Equality

10/10/2019

Engagement, we have it more or less, some definitely more than others. The belief in gender equality and women's rights made Lourdes Daza-Gillman to work for these rights from early age, and she has achieved a lot. This is a story most interesting and also inspiring, and who cannot agree to that women and men should have the same rights? It should be the normal, but still there is a lot of work to do, and we are all part of it in the way we are acting.


Name: Lourdes Daza-Gillman

Age: 73

Occupation: Author. Former engineer, politician and art artist

Family: Two children and three grandchildren

Lives in: Stockholm, Sweden


All your life you have been engaged in gender equality and it began already when you grew up in Bolivia, then continued when you lived in England and Sweden, the latter your home country since many years. From where did your engagement come?

My engagement in gender equality has always been present in my mind and has always influenced my actions. It was ingrained in me by my very first mentor from school, and so even my education was characterized by those ethics. The central message of my mentors, all of them male, was the importance of being independent, being respected for who I am, and never accept being treated as a second-class citizen.

This has influenced my entire life and I have lived according to these norms and lessons to ensure that I'm being treated correctly and equally. Gender equality is for me something obvious and I wish it was so for everyone.

Growing up in a country where women were treated as second-class citizens awoke these thoughts in me, and in the early 1970's, when I lived in London, my interest in understanding the underlying causes of women's vulnerability intensified. This is when I saw that even in western countries, inequality was an apparent reality.

I began to inform myself about what women's situation looked like around the world, and it was then I first put these thoughts down on paper, in a thesis about women's lives and injustices.

With all your experience, what would you say are the similarities and the differences between these three countries?

Sweden is a country where women and men - according to given laws - are supposed to be equal. The problem is that law and societal norms are not always the same. Here, as in the rest of the world, women are sometimes treated as a second-class citizen - lower salaries, domestic violence and so on. So, gender inequality prevails even in Sweden.

You even were part of starting a political party in Sweden: Feminist Initiative. Did you feel that you could change things to the better when being active in politics?

Yes, definitely. Not in the short term, but after the huge work we did together, we can see the results of initiating a feminist political party. We forced the feminist agenda to be in the forefront of discussion, not only by us, but by all other parties.

Sweden is now internationally known as being a feminist country, even though I can't say that Sweden has achieved feminism in the real sense. But hopefully we are on the way...

As I mentioned before, here, in spite of the given laws, women are still suffering domestic violence, and non-equal pay for equal work prevails.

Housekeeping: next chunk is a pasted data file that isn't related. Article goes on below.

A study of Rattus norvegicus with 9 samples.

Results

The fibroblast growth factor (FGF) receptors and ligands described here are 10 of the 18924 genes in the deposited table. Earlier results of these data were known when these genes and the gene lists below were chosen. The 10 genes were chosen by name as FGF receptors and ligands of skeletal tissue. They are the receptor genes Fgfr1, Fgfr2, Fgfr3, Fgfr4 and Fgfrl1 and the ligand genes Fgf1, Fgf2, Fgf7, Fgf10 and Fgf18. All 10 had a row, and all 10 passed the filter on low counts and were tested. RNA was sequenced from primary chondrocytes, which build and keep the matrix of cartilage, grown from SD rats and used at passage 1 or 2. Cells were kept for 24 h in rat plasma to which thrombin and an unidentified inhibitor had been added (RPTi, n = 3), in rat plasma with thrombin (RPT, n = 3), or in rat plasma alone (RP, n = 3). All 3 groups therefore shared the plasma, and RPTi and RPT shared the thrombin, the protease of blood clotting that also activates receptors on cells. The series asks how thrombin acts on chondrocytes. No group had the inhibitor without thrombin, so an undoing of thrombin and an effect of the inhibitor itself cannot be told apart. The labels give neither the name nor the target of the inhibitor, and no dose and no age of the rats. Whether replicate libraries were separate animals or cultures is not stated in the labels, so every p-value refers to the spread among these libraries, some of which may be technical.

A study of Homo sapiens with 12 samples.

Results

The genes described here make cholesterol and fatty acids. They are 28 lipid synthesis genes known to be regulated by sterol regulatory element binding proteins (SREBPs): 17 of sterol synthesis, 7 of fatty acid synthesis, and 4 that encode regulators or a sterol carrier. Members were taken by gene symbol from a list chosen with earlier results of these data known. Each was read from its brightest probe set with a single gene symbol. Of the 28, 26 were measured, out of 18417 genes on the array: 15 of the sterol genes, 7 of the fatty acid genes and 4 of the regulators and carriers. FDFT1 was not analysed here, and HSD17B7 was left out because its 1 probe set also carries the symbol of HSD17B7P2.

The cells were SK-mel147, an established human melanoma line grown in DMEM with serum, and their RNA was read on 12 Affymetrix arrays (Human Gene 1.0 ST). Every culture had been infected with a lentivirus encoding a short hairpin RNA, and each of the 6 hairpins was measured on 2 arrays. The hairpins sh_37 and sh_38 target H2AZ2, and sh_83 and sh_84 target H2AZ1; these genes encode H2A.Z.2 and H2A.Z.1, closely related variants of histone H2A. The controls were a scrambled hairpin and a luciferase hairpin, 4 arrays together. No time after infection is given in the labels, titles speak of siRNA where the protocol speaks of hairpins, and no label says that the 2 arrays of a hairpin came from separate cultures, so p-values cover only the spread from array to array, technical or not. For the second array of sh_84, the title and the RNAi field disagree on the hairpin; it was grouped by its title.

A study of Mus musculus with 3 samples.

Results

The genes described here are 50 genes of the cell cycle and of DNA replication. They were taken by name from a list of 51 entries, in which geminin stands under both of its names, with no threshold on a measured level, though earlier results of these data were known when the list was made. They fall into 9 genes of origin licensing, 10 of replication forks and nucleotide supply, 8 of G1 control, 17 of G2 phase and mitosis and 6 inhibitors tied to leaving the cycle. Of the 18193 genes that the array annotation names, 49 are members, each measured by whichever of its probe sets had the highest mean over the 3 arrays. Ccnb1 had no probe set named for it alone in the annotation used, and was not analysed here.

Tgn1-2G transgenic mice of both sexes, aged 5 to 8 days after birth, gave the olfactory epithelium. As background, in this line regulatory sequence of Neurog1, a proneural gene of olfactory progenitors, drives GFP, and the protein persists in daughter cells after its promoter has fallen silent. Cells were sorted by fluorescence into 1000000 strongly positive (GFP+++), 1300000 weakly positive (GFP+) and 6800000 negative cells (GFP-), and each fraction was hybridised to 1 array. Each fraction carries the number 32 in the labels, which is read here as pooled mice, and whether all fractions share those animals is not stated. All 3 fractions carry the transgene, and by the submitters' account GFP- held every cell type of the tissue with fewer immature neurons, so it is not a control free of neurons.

Now you are writing a trilogy about women's exposure and exploitation to raise awareness. In what way do you hope your books change things?

Power Trilogy is a dark crime trilogy about abuse of power, rape and sex slavery. These topics are unfortunately an ever-present reality for many women among us, and I hope that the trilogy can raise awareness of what is happening in our time.

As part of the research for these books I have read court decisions and preliminary investigation material about rape, domestic violence and trafficking. These facts are now with me, and they cannot be put aside or ignored.

I want my readers to understand more about what's happening all around us, in all levels of society. A society that is more aware will also be more resilient and supportive of its victims.

A final question: What can we women do to contribute to more equality?

Good question. However it is impossible to give a straightforward answer. We are all individuals with different expectations, different values and different ways of going through life. Therefore it would be a huge difference in what every women and man could do to contribute to gender equality.

Nevertheless, a simple answer would be that one has to start with oneself. Don't expect others to fix it for you. You may start asking yourself: How do you live your life and how do you educate your children - both girls and boys? Is it important to you to be treated with respect? How do you treat others? Remember that there is always the other side of the coin. Whatever you do is reflected on your environment.

"'Who you are inside will eventually be reflected on the outside..."

Finally, I would like to say:

Never allow anybody to treat you as second-class citizen, but at the same time, treat others with respect - you can't expect to be treated well if you don't act in the same manner with others.

Teach your children and grandchildren - both boys and girls - the importance of giving and receiving respect, about gender equality and human rights, independently of ethnicity, social level, sexual orientation and gender identity. Awareness of these issues are crucial for a better future, for future generations.